Hong Kong-based property developer New World Development is set to purchase a major commercial property in mainland China for a $592 million. The purchase is the first major deal in mainland China for the heir to one of the country's largest property developers.

In a statement published on late Tuesday, New World Development said that it had won the bid to buy a 17,170 square meter plot of land in Middle Huaihai Road in Shanghai. The property is located along Shanghai's most expensive shopping area modeled after the Champs-Elysées in Paris.  

The deal is the largest purchase ever made by Adrian Cheng, the scion of the $13 billion property empire that is currently the four-largest developer in Hong Kong. Cheng was originally placed in charge of the company's mainland China operations following an internal restructuring in February. Cheng is set to be the next-generation successor to the massive property conglomerate.

The purchase represents a price tag of about 31,946 yuan per square meter. New World Development plans to develop the area, which it expects to yield a total gross floor area of 128,683 square meters. The property will be developed under the company's K11 branding.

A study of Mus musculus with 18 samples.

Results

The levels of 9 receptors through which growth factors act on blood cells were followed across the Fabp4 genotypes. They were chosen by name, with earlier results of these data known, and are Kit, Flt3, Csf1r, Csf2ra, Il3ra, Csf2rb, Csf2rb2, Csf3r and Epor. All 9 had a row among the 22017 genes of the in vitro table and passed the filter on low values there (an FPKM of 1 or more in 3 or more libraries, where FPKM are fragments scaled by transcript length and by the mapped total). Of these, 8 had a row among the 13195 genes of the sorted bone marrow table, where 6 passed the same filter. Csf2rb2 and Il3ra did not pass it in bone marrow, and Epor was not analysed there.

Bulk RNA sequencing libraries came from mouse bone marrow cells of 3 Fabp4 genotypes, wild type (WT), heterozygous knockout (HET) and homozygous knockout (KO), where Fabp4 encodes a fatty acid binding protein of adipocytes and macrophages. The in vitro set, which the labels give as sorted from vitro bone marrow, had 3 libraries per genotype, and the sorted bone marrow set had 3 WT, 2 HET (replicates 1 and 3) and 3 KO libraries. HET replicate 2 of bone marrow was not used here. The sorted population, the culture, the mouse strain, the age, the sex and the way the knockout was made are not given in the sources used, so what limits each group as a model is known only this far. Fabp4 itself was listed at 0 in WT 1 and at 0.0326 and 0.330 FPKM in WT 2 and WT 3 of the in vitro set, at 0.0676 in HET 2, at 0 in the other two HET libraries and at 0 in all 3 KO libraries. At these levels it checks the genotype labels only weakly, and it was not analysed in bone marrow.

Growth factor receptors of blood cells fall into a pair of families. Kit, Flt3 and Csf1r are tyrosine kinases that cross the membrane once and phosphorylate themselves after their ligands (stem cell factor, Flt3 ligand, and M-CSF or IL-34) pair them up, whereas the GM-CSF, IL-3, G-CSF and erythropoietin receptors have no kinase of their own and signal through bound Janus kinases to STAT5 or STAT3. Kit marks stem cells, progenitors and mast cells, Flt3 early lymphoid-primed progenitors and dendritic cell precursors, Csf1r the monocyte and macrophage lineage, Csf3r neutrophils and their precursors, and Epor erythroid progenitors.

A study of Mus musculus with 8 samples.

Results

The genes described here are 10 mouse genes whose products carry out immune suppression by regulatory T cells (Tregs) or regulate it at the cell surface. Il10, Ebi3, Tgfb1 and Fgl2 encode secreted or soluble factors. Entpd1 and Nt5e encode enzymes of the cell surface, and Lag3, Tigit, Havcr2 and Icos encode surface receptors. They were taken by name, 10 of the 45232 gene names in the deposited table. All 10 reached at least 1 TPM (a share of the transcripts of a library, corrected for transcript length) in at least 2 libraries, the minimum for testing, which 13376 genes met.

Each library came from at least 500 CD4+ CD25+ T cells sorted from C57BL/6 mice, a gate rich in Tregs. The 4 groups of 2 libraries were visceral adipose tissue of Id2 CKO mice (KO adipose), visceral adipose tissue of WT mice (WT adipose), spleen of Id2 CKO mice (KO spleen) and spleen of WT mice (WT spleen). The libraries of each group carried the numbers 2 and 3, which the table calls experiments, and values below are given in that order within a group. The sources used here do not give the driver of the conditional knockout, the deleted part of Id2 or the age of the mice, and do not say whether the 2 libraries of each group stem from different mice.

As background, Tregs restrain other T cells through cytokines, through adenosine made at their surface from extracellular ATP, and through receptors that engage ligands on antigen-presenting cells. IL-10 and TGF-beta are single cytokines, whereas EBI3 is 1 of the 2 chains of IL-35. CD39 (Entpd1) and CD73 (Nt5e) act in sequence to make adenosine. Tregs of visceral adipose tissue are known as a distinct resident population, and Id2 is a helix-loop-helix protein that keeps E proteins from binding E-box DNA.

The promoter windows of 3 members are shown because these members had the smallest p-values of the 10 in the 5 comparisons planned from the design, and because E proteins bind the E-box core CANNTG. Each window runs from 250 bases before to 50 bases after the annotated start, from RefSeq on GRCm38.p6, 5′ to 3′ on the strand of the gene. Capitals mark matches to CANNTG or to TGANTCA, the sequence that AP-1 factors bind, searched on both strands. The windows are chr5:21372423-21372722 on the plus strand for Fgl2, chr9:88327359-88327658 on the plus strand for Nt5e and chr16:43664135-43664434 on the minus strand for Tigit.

New World Development already owns and operates several K11-branded projects in Shanghai. This includes its K11 mixed development project, which features a 37,500-square-meter mall and an 81,000-square-meter office building.        

Property analysts at Vincorn Consulting and Appraisal noted that the purchase is one of the first major property transactions for a commercial lot in the city since the start of the coronavirus outbreak. The last major purchase in the city was Hongkong Land's acquisition of a property in Shanghai's West Bund area in February for a record 31 billion yuan.

The company estimates that New World Development could spend as much as 6.9 billion yuan - including the land cost - to fully develop the property. Analysts further speculate that the developer could be taking advantage of the retail markets' speedy recovery and the rebound in consumer spending in mainland China.

New World Development currently generates about 74 percent of its annual gross profits from its businesses and projects in mainland China. The company previously stated that it plans to make further inroads into more Greater Bay Area cities as part of its long-term strategy.